Mary, I kindof agree, but if they use a standard safebrowser which they have downloaded from the internet, we will never find out! the idea is to understand the limitations and build towards it, i guess.
Marcus, the idea is : To restrict participants from searching for the answers, or even mailing each other answers and to disable the CTRL+TAB buttons
To restrict participants from searching for the answers, or even mailing each other answers
What make you think that, if they want to cheat, they won't use their iphone/ipad, or another computer/laptop, ... to do that ?
IMHO they is no way to make an online test secure, unless it takes place in a proctored room.
I'm the project leader for Safe Exam Browser (SEB) which is a free open source solution comparable to Lock Down Browser: http://www.safeexambrowser.org
As I mentioned, to use it safely on unmanaged computers without having to do modifications in the code yourself you should wait for version 2.0 (expected to release till end of the year or early 2013).
If you use managed computers in a computer class room or similar (where users don't have administrator rights) SEB is already quite safe.
We installed 1.9.1 on our test server, and we're wondering how prevent students from simply exitting the browser and then going back to continue the test. It looks like the only way to exit the safe exam browser is with a series of function keys. Once the students know that series of functions keys, what prevents them from using it for the next test and just exiting when they want and then going back and continuing?
We are currently using Respondus Lock Down browser in a proctored environment. They do not allow the student to exit without submitting the quiz first. And if a student's exam freezes, they have a secret password that is easy for the teacher to change for each test to exit the quiz.
So if a student can exit the browser at any time, they can then go and search for the answer to a question, and go back to the browser, open up the test again, and continue with the test. Or am I wrong about that?
They can also just switch to a different desktop (on most operating systems). They could instead set their favorite browser to say it's SEB. That's takes about two clicks for computer geeks who have the user agent switcher already enabled, or six clicks for someone who has never done it before. There are probably six or seven ways to get around it, even without getting into anything sophisticated.
Really, it's all kind of like the latch on a bathroom stall - it tells people what behavior is expected, but in no way is it secure in any sense of the word. Safebrowser is really just a strong suggestion letting students know they aren't supposed to use Google during a quiz. If they decide to break the rules, there are a dozen ways for them to do so, many of them simple. That's an administrative and cultural issue, not a technical issue.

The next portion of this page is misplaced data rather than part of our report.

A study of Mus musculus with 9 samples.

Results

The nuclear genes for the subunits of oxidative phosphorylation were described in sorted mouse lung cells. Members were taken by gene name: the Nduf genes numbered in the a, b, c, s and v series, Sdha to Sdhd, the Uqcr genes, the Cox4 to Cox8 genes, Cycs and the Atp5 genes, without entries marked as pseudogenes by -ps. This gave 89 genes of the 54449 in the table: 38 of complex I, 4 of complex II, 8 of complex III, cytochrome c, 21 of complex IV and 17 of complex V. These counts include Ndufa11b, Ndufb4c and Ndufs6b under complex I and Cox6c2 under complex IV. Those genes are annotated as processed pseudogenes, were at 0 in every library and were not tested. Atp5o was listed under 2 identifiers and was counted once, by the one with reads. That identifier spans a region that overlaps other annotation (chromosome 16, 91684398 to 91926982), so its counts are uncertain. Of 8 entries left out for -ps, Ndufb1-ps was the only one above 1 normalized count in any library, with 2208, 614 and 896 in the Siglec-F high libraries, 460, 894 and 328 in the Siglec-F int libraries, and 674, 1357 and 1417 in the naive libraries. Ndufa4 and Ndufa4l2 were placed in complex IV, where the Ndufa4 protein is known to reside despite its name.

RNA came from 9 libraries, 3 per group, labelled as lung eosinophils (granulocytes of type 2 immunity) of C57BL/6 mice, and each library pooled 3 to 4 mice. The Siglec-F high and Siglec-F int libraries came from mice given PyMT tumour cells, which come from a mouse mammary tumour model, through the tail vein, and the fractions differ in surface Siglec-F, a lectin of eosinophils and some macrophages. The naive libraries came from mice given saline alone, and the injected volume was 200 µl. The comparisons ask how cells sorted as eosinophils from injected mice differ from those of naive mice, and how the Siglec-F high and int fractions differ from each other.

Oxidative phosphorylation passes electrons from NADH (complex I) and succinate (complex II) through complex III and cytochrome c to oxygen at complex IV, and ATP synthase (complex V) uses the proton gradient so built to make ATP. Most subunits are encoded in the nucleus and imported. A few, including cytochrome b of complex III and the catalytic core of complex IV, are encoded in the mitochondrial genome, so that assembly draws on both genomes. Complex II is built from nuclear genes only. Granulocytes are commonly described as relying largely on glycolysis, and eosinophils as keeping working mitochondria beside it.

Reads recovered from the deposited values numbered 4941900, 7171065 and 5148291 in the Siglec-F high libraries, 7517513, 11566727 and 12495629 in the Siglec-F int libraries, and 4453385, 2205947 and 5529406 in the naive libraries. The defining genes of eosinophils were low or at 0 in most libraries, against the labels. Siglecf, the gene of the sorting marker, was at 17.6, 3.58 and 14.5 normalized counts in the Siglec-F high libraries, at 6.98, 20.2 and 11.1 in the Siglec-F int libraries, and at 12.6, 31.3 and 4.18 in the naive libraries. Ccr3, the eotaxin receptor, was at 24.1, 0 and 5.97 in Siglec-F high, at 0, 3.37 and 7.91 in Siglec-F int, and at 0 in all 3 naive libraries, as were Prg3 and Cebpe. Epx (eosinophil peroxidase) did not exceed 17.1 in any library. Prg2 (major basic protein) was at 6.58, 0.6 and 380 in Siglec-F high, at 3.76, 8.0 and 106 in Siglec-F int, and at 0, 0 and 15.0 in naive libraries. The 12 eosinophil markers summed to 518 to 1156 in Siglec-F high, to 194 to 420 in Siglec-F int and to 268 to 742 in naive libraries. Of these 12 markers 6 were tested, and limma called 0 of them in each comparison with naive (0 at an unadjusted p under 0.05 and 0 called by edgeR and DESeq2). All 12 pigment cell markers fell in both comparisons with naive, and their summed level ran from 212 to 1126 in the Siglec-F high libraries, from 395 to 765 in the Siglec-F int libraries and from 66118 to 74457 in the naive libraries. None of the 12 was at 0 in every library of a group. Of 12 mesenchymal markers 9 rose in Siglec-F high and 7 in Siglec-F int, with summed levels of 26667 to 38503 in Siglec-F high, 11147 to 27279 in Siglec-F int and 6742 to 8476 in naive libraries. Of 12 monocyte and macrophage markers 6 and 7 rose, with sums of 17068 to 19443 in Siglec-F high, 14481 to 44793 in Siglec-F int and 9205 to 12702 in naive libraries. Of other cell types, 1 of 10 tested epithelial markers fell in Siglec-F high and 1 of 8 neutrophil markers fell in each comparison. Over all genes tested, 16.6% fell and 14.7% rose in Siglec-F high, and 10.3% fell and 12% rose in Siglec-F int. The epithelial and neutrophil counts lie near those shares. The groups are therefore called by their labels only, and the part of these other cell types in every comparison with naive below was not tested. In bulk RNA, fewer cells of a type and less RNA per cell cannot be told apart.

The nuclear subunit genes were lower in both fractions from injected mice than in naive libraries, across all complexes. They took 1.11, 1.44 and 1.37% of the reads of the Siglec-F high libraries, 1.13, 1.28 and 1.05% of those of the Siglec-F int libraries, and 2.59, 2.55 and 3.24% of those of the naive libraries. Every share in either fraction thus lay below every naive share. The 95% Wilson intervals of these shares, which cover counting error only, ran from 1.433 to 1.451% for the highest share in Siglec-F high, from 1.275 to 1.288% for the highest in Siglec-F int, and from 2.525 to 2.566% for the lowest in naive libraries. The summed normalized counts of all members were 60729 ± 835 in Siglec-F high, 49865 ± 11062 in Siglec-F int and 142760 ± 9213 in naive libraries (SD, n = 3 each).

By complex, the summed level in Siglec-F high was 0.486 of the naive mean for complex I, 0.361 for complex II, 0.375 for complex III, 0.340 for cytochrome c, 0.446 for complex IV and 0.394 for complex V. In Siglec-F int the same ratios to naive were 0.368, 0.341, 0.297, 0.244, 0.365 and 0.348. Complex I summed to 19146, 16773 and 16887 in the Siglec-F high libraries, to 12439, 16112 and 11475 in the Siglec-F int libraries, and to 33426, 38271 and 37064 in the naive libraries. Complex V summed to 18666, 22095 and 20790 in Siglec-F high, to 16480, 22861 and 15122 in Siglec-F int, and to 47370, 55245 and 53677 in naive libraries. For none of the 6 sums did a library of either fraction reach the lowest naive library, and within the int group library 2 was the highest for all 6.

Of course, you might ask yourself - am I testing knowledge that the student will need to have immediately in mind in the real world, and not be able to check a reference? Let me use myself as an example. Myself, I've been programing professionally for 17 years and I have reasonably impressive credentials to say I'm competent. I look up programming syntax and such several times every day. Testing how well a programmer can do when they aren't allowed to use reference material is silly because actual programming work does use reference material constantly. Encouraging the student to use reference material is a much better test of real world competence because in the real world the person who uses reference material most effectively does the job most effectively.
All that to say, in many (most?) cases trying to prevent students from referencing outside sources is a futile attempt to make your test WORSE, to make it NOT represent how the student would need to use the information in the real world.
* As a contra example, fighter pilots should immediately know, off the top of their head, what to do when they've been hit by opposing canon fire. No time to check the manual or cheat sheet when you're being shot at. Even in most other emergencies, though, pilots DO pull out the checklist, so for accurate results ONLY the "gunfire" quiz would not be open book.
Hmm, that gets me thinking. In real world application of knowledge, generally you can't refer to a reference in extremely urgent situations. If you can spare a few seconds, you can whip out your smart phone and check. So perhaps use that fact with quizzes - if you expect the students to be able to answer in a split second, set a really tight time limit. If you don't mind if it takes them 30 seconds to answer, perhaps there's no reason they can't use that 30 seconds to check reference material.